Winter is the time for comfort, for good food and warmth, for the touch of a friendly hand and for a walk beside the fire: it is the time for home.
~ Edith Sitwell
This past week, the oracular rodents in Canada and the United States offered conflicting predictions on the arrival of spring. Folklore has it that if a groundhog sees its shadow when it emerges from its burrow on Groundhog Day (February 2), there will be six more weeks of winter. Conversely, if the groundhog does not see its shadow, then tradition tells us an early spring is on its way.
While there appeared to be a consensus among two of Canada’s most well-known groundhogs, Ontario’s Wiarton Willie and Nova Scotia’s Shubenacadie Sam, both of whom predicted an early spring, their American cousin Pennsylvania’s Punxsutawney Phil, was not so optimistic, claiming we are in for six more weeks of winter.
Don’t get me wrong, I love those little fortune-telling critters; however, I have experienced 33 Canadian winters so far, and early spring prediction or not, we have a ways to go before those spring showers and flowers show up.
Admittedly, I am not winter’s biggest fan; we have never really seen eye-to-eye on much. While I enjoy warm temperatures, long, bright days, green leaves, barbecues and beaches, winter seems to prefer short, dark days, cold (at times face-numbing) temperatures, and copious amounts of snow and slush.
If I’m being completely honest, I have cursed winter more times than I care to admit (not very Pearls, Lace and Grace of me), and have struggled with the season ever since I can remember. That was, until this past November, when I decided that being perpetually irritated for five months of the year was not a healthy way to live, and unless I wanted to permanently relocate to the equator (ok, a little dramatic), I thought it best that I find a way to embrace the season.
Choose to See Winter’s Beauty
All seasons offer a unique beauty that one cannot necessarily experience throughout the remainder of the year. So, rather than curse the harshness of the season, why not find the beauty in it? When you enjoy rather than dread what’s around you, your optimism will begin to trump your negativity and you will inevitably feel happier.
Rather than ruminating over your numb fingers and toes, or worrying about that next blizzard that will have you shovelling for hours, shift your focus to something more positive, like sipping hot chocolate next to a crackling fire, or witnessing the whimsical dance of a light snowfall at midnight.
There is so much beauty to be found in winter, and I encourage you to find it!
Don Luxurious Winter Fashion
While I haven’t always enjoyed the number of layers that a Canadian winter requires, as a fashion lover, I have not only learned to tolerate the change in my wardrobe, but look forward to it.
My winter work uniform consists of cashmere and silk-blend sweaters (similar here), light, wool-blend slacks (here), and for a more casual look, an oversized cardigan (here) paired with thick leggings (here) and riding boots (here).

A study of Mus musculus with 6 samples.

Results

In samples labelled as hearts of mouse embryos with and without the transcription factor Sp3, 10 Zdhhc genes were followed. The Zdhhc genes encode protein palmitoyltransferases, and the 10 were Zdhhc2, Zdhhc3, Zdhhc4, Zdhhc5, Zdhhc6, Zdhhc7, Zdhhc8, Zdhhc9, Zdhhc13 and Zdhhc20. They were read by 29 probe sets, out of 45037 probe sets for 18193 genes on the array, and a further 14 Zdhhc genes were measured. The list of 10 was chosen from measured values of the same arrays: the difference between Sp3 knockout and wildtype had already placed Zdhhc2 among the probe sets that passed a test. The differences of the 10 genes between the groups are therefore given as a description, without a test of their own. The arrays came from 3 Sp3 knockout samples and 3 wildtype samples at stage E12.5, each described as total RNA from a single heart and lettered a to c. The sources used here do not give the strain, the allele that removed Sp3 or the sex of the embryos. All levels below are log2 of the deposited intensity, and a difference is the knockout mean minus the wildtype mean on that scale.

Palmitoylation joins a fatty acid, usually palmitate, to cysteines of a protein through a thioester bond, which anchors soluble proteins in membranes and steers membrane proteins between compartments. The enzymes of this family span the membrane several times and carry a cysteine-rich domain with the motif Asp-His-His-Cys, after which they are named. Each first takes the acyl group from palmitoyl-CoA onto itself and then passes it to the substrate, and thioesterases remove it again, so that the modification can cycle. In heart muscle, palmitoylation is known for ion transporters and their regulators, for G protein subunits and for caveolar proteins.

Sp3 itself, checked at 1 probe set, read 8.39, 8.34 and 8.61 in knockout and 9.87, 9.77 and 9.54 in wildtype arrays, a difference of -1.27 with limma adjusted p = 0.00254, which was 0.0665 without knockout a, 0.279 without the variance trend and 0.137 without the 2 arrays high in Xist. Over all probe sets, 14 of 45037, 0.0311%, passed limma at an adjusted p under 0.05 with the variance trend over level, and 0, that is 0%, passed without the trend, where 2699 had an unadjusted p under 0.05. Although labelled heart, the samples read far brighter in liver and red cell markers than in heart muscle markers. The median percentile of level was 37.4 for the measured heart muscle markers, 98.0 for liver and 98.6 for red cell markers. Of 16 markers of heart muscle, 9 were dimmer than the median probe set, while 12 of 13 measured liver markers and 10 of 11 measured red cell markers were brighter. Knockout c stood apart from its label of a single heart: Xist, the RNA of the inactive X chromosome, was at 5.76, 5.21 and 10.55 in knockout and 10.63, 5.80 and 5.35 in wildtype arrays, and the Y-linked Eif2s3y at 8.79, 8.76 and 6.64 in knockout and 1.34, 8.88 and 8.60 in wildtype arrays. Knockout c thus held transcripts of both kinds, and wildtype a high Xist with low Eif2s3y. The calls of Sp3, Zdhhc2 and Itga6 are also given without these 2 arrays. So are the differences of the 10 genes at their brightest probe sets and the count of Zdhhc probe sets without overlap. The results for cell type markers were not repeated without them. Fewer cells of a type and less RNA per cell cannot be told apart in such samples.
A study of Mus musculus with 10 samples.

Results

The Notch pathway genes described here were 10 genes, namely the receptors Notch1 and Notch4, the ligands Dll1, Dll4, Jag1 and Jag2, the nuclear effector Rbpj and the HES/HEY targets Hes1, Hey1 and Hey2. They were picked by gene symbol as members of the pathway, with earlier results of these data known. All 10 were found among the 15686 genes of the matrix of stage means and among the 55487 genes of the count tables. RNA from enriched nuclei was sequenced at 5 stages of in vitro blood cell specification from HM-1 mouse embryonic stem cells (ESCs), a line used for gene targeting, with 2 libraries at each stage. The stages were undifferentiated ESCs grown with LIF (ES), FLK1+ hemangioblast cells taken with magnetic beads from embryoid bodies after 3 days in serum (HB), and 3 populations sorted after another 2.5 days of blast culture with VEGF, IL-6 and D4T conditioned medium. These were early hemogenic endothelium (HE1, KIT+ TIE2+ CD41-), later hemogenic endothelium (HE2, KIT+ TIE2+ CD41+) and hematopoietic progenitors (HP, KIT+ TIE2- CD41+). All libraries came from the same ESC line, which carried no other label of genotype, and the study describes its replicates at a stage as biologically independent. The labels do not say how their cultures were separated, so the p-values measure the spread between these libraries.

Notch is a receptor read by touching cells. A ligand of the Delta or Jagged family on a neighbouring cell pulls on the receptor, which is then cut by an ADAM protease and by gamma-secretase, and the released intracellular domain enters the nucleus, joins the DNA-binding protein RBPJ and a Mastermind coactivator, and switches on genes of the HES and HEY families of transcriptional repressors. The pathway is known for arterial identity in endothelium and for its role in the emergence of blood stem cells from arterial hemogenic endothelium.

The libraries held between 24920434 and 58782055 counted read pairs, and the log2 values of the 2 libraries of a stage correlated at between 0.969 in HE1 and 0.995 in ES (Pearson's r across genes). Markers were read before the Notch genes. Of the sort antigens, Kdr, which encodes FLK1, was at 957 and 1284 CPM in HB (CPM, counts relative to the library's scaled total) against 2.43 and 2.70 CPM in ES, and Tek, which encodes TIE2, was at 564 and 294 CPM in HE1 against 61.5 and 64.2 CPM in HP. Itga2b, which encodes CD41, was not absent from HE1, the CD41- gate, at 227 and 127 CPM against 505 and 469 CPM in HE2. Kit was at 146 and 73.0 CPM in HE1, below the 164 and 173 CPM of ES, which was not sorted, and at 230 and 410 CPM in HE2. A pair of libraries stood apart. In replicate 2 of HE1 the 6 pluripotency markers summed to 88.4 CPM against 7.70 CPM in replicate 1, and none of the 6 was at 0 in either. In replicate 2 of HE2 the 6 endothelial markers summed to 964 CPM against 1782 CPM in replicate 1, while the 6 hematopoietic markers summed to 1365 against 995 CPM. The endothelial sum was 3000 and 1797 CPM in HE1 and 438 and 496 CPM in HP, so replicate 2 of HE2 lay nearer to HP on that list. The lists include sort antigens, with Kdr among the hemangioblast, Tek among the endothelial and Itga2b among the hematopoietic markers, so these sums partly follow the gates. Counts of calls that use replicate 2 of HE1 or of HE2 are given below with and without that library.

For the outdoors, I look forward to donning my knee-length parka (similar here), warm mittens (similar here), earmuffs (so as to not ruin the hairstyle – similar here), a luxurious wool-cashmere scarf (similar here), and a pair of durable winter boots (similar here) that can withstand even the coldest of days.
Enjoy a Winter Activity
In order to fully appreciate what the winter season has to offer, I encourage you to find an activity that is specifically “winter”, something that you cannot partake in the rest of the year. There is really so much to do:
Skiing (alpine or cross-country)
Tobogganing or Tubing
Try a few and see what works for you. The activity should be enjoyable, not a chore.
Take a Winter Walk
If the above activities are simply too ambitious for you (they certainly are for me most days), then why not take a winter walk?
Maybe you have a favourite trail that you enjoy exploring during the other months of the year? If so, take a walk on that same trail now to appreciate how this season changes the landscape. The slumbering trees, kept warm by a layer of snow that rests on its limbs (if you did not know, snow is a fantastic insulator), or luxuriate in winter’s silence, as the birds have made their way south, and the streams have taken a rest from flowing so fiercely.
A winter walk not only allows you to maintain your fitness regimen, but a walk, especially on a sunny day (yes, there are a few), will give your body the vitamin D that is craves.
Get Out of Dodge
When all else fails, and you simply cannot spend one more day on the frozen tundra, then my advice is to get out of dodge.
According to a study in the Journal of Applied Research in Quality of Life, taking a trip, or even just thinking about taking one in the future, can make you happier.
If you are able to spare the funds, head to a place where the residents have never heard the phrase “minus 20 with the windchill”. Those few days of sun and sand will surely lighten winter’s load.
If you cannot get away right now, then maybe plan a trip for late-spring or summer. Take some time daily or weekly to research and plan. Even seeing that beautiful destination and knowing you will eventually be there, will surely make those slushy commutes to work a little easier to manage.
However you choose to embrace winter, cheers to a crisp and cozy season! If you need me, I’ll be by the fire.